The students conducted vision screenings and provided glasses by using the First Sight kit offered by Nizar and Marsha Mamdani's First Sight Foundation. Sponsored by the Student Alliance for Global Health (SAGH), the March trip was made possible through a partnership with Aspire Global Health, a non-profit organization located in Esteli, Nicaragua, the country's third largest city.
Students worked in schools and health facilities in Esteli and nearby Jinotega, Nicaragua's coffee producing capital. Assisted by two Nicaraguan physicians, the students screened 161 adults and 135 children. Corrective glasses were given to 143 adults and 20 children at no cost.
Sara Pirtle, SAGH adviser and trip organizer, said the group's hosts and clients provided a warm reception. "Our students developed a close camaraderie and were satisfied to know that their service made a difference in the lives of nearly 300 Nicaraguans."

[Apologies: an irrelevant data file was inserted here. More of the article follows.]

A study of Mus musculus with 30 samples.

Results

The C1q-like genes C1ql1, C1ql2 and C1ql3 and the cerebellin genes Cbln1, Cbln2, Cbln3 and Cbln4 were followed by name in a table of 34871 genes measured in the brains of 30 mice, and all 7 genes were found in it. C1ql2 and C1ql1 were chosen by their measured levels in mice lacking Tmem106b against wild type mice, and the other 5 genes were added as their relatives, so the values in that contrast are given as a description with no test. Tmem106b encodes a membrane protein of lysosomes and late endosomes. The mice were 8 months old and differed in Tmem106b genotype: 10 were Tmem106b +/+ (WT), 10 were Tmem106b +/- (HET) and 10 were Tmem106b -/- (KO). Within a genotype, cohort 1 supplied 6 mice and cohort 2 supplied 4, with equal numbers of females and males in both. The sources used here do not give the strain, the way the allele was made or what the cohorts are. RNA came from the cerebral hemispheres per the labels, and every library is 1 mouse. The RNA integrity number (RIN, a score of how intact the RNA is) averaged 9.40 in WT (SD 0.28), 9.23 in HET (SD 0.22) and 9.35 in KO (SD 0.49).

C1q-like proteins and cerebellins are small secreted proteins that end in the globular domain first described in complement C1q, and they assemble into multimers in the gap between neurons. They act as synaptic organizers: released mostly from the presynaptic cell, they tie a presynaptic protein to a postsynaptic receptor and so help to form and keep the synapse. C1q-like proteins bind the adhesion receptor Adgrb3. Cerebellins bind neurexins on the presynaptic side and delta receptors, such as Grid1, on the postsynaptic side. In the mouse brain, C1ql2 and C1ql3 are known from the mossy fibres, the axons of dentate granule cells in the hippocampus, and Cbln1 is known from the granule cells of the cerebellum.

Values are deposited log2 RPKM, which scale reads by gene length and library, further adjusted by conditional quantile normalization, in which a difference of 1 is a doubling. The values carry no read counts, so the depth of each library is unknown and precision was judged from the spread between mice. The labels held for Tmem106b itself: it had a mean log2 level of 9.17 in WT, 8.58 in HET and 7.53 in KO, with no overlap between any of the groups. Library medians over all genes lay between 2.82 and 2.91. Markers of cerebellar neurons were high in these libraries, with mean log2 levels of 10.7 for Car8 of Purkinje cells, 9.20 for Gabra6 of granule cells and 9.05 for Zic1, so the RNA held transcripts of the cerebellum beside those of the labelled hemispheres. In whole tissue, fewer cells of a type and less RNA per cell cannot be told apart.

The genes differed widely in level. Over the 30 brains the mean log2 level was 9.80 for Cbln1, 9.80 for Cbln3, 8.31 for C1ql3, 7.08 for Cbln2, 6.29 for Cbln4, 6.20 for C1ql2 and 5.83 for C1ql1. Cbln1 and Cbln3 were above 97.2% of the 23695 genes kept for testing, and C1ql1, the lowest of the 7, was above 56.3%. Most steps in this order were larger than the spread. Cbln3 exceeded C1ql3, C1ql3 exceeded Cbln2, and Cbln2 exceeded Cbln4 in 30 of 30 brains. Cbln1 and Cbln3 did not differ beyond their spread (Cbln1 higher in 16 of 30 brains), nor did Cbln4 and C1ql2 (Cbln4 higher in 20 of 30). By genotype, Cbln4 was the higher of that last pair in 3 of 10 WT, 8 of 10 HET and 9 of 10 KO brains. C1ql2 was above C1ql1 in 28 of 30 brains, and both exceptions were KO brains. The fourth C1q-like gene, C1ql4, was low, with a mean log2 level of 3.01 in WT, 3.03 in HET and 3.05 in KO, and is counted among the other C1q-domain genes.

The students were relieved that they averted a new round of violence in the country that erupted about a month after they left. "The chaos and civil disobedience continues to grow. We hope that when the dust settles, we can again offer vision screening and other needed medical/health services to Nicaragua."
Student Haley Mathews wrote a story that recounted her experience in Nicaragua. It was published in the Nebraska Academy of Family Physicians (NAFP) quarterly publication, Cornhusker Family Physician, in appreciation for a travel grant she received from the organization. (See page 17 of the Spring 2018 issue).
Accompanying Mathews on the trip were five UNMC medical students - Santiago Rozo, fourth-year, student trip leader, Lee Sleightholm, third-year, student trip leader, and three second-year students, Lauren Greufe, Kaitlin Hehnke and Kevin Real. They were joined by Shirley Delair, M.D., assistant professor, pediatric infectious disease, and Sara Pirtle, SAGH adviser and trip organizer.